In April 1957, the New York Times profiled the “crowd-drawing evangelist” Billy Graham, who was about to launch a “crusade” that would involve preaching night after night for 16 weeks in such venues as Madison Square Garden and Yankee Stadium. In an interview, Graham told the Times's Stanley Rowland Jr. that if the second coming of Christ were to occur that day, Jesus would go on television because “the Bible says that when he comes back, every eye shall see him.”

Graham, who died Wednesday at 99, understood the power of media — and figured that Jesus did, too.

Graham certainly spent his share of time on TV, being interviewed by the likes of Larry King, David Frost, Phil Donahue and Johnny Carson. He founded the magazine Christianity Today and, for years, wrote a syndicated newspaper column and hosted a widely distributed radio show.


But the extent of Graham's media savvy was most apparent in his disarming style. His arrival in New York 61 years ago was such big news that the Times printed the text of his opening-night sermon, in full. Graham might not have known of the Times's publication plan, but he surely knew that whatever he chose to emphasize would be reported in the press.

And this is what he chose to emphasize: “All the way through the Bible, God is saying, 'I love you. I love you. I love you.'”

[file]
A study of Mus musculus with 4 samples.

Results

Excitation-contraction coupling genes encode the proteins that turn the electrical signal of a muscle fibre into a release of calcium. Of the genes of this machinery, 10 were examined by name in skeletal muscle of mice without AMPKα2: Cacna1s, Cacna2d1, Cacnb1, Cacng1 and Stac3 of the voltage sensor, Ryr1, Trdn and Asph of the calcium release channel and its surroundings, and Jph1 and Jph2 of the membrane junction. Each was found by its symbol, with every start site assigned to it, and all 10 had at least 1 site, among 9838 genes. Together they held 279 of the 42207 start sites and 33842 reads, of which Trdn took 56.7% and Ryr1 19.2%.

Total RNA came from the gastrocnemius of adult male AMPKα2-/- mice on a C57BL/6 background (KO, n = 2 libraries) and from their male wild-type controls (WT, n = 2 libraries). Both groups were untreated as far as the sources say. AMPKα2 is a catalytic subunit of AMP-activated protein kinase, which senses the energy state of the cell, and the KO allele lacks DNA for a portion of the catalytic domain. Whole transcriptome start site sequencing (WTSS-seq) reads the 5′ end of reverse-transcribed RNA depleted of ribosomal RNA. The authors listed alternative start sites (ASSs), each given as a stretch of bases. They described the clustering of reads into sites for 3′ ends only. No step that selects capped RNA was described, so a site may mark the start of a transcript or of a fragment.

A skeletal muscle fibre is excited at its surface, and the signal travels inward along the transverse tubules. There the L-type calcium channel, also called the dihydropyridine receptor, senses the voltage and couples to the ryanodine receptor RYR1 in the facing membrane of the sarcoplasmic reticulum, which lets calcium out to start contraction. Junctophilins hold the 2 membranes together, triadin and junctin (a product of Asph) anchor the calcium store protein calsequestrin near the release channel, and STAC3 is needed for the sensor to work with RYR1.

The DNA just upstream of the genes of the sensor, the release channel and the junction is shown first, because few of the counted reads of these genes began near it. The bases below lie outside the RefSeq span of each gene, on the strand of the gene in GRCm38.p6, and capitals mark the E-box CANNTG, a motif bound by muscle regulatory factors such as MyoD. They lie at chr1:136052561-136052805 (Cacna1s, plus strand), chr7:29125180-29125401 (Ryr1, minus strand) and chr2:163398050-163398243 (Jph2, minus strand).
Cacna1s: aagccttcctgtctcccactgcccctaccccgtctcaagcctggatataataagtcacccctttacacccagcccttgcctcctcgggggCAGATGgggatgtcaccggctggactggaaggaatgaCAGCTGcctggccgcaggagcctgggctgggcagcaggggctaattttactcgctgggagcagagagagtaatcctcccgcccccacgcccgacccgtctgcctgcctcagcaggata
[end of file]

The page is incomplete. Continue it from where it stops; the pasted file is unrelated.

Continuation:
God says other things in the Bible too, of course, but Graham seemed to grasp the idea that he would be better positioned to talk about those other things once he had established the love thing.



Watching another of Graham's interviews with King, I was reminded of Omarosa Manigault Newman's recent characterization of Vice President Pence as “extreme.”


Manigault Newman's characterization of Pence's beliefs may or may not be accurate, but she tapped into a popular sentiment about people who seem to suggest they have a hotline to heaven. Graham made clear to King in 1988 that he claimed no such special access.


“Do you feel the presence?” King asked.

“I sense the presence of God, but I do not hear any voices,” Graham said. “I do not have any outward experiences like that.”

Graham was adept at answering loaded questions.


“No, we’re not a Christian country,” Graham began. Where some other evangelical leaders might have proceeded to stir up controversy with a soliloquy about cultural erosion, Graham instead added this: “We’ve never been a Christian country. We’re a secular country, by our Constitution, in which Christians live and in which many Christians have a voice.”

In the same interview, Graham said, “I think Islam is misunderstood, too, because Muhammad had a great respect for Jesus, and he called Jesus the greatest of the prophets except for himself. And I think that we’re closer to Islam than we really think we are.”

Graham's fellow Christians sometimes accused him of soft-pedaling his faith in interviews, but his love-first approach helped him capture and keep the media spotlight for decades, without becoming as polarizing as many famous religious figures.